When hospitals publish value statements, they often cite “accountability, integrity, and personal responsibility” as fundamental assets and positive qualities of their facility and professionals. In some cases, these values don’t match the actual experience and interactions with healthcare providers at the hospitals.
The public expects healthcare providers and medical staff to be trustworthy, ethical, and well-trained. They do not expect to suffer great harm and injury but when injury occurs, a medical malpractice lawsuit may be required to seek compensation for the victim
The Medical Malpractice System
The medical malpractice system of justice has two primary goals:
- to compensate injured patients
- to deter physicians from careless behavior
Patients who are injured by substandard healthcare may be entitled to compensation. Medical malpractice occurs when a healthcare provider assumes or undertakes care of a patient and then breaches their duty to the patient by failing to maintain a relevant standard of healthcare resulting in injury.
Medical malpractice will not automatically cover all patients who experience a bad outcome from accident or honest mistakes, if no negligence has occurred but compensation may be available for people who were injured.
Four Elements Needed to Prove Medical Malpractice
A “tort” is a wrongful act that is committed by someone or an organization that causes injury to another person or property. Tort Law is the area of legal practice that encompasses negligence, personal injury, and medical malpractice claims.
Negligence is a failure to act as an ordinary, prudent person or reasonable person would under similar circumstances. Personal injury is a physical injury that occurs to a person’s body as opposed to property or reputation. Medical malpractice occurs when a healthcare professional fails to provide appropriate care, resulting in injury.
The following four elements are needed to prove negligence in a medical malpractice case:
- Duty: Initiated when the healthcare provider accepts responsibility for the healthcare and treatment of a patient.
- Breach of duty: The act of omission or commission causing injuries or damages to the patient.
- Proximate cause: Evidence between the breach of duty and the damages that occurred.
- Injuries or damages: What the patient suffered.
Despite a bad outcome, not all injuries or damages are a result of medical malpractice.
Finding a Physician Guilty of Medical Malpractice
Although a physician may not have acted with “evil intent”, his or her actions may result in a criminal prosecution and conviction if those actions appear to be those of a healthcare provider who was careless, irresponsible, or indifferent to the patient’s well-being.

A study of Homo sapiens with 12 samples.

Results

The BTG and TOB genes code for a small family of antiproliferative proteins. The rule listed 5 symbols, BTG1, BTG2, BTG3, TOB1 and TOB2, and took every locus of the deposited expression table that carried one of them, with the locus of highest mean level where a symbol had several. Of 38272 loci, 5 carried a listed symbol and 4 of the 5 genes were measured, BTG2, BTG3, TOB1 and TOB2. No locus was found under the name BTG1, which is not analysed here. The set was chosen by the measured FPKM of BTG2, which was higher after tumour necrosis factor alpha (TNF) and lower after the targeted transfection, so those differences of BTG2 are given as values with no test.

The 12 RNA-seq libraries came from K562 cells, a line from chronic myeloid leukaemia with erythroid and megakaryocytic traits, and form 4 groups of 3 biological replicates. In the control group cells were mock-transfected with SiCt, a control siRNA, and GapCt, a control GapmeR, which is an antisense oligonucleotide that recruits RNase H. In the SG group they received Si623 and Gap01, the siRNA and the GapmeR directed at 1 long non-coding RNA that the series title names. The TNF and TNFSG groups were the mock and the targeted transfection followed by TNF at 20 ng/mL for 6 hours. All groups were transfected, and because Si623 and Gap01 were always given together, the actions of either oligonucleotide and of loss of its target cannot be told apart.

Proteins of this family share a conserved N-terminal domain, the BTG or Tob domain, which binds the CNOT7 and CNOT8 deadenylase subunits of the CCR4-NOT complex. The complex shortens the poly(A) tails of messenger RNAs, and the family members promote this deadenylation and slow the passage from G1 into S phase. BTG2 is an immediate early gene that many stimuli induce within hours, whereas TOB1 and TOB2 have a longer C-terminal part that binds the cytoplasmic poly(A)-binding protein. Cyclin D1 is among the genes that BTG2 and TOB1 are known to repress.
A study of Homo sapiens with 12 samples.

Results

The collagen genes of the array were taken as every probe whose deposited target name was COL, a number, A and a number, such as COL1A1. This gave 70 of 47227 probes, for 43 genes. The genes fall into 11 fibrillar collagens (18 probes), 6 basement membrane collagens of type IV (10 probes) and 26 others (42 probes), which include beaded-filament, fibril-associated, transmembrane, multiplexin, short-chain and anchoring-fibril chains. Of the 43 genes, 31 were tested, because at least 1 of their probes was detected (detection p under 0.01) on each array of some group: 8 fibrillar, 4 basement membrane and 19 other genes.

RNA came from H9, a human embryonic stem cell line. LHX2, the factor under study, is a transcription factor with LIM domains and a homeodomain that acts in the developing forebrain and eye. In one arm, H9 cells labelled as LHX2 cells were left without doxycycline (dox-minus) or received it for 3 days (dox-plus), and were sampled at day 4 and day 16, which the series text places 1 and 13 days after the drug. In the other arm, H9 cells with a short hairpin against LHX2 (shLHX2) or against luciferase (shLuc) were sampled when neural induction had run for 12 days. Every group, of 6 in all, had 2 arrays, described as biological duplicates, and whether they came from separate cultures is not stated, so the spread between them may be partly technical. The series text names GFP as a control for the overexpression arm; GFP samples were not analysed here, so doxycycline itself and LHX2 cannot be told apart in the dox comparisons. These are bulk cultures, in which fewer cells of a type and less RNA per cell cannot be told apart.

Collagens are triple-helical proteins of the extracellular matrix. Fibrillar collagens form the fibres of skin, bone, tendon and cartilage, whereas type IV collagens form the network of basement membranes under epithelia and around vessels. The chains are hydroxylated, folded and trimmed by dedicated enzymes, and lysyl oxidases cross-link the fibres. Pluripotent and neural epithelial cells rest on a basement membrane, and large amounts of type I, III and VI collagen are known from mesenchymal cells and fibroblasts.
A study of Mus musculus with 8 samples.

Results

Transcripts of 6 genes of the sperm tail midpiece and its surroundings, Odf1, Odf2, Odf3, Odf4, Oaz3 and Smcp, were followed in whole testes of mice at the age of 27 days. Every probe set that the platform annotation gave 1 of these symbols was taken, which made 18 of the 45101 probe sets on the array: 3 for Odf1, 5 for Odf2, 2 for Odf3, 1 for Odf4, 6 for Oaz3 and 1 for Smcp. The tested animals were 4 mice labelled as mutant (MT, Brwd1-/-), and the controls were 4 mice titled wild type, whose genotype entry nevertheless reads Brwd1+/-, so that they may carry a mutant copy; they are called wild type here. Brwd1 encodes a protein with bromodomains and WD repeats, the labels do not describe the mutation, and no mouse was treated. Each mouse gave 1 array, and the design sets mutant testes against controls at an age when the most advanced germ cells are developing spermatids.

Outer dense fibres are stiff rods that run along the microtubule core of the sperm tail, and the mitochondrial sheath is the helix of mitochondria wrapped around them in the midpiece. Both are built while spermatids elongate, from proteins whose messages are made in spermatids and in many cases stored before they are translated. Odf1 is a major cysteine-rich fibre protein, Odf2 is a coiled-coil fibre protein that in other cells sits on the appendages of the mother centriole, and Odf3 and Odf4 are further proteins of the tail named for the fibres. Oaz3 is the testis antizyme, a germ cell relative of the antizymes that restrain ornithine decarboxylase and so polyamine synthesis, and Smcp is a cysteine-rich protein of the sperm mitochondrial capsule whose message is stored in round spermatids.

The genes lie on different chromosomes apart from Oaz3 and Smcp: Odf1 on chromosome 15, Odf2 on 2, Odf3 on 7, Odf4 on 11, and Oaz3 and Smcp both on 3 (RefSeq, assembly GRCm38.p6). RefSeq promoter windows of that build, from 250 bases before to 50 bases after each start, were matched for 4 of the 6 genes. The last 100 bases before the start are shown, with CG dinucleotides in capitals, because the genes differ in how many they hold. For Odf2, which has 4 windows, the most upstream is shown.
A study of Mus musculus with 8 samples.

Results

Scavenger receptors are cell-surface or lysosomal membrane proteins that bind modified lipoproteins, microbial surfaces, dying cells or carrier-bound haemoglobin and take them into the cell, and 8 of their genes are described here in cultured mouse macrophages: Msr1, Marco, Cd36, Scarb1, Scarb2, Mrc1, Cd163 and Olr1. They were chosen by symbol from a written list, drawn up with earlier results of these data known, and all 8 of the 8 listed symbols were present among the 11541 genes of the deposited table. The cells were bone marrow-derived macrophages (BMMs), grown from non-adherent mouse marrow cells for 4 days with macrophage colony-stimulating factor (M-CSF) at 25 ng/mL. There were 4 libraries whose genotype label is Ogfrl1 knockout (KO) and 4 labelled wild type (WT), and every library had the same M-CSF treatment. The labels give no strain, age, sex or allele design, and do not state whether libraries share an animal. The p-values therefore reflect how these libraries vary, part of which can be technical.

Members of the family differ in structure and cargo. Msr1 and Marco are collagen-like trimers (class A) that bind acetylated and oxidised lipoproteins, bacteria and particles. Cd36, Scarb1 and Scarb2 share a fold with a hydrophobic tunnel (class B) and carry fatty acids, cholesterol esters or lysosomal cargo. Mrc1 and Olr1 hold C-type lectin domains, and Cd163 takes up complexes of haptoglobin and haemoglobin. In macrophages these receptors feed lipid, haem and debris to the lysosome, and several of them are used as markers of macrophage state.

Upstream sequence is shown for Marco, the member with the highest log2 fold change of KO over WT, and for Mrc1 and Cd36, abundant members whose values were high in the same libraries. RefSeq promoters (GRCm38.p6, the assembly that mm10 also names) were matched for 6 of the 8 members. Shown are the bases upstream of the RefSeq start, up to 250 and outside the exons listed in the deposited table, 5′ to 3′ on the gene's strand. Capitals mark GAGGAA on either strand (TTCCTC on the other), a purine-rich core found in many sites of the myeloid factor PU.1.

A factor that seems to figure most prominently in the decision to bring a criminal prosecution of medical malpractice forward is the failure of a healthcare provider to follow-up and respond appropriately to patients who have suffered injury.
Whether a physician is guilty or innocent in criminal law, is based on what a reasonable physician would have done under the same circumstances. Evidence of past conduct can also be introduced to establish a pattern of criminal malpractice.
Establishment of criminal wrongdoing is not necessary but may also help patients who have been injured to obtain compensation for injuries that occur due to medical malpractice.
Examples of Medical Malpractice:
- A court found a culpable state of mind existed and convicted a physician because he had ignored repetitions of the same problem with the same or different patients.
- A legal action proved a physician had sufficient knowledge based on his previous experience of the problem to have known the problem would cause danger, but he ignored the danger.
- A ruling concluded the physician possessed a guilty state of mind because he had sufficient facts to know that the patient was in danger but did nothing to mitigate the danger.
Medical Malpractice Lawsuits
People who seek medical care in the U.S., expect to be given adequate treatment and treated according to the standard of care of the medical practice area they are seeking assistance for. They do not expect to be treated inappropriately, neglected or to suffer from substandard care. They also do not expect to have to sue for medical malpractice in order to get compensation for their care and injuries. People who have been injured due to neglect or inappropriate care should seek legal advice.
In some cases, insurance companies or representatives will attempt to offer settlements directly to the patient or family members. Those victims should seek legal expertise and advice from malpractice lawyers before signing anything. In some cases, an adequate medical malpractice settlement can be negotiated but in other cases, a lawsuit may be needed.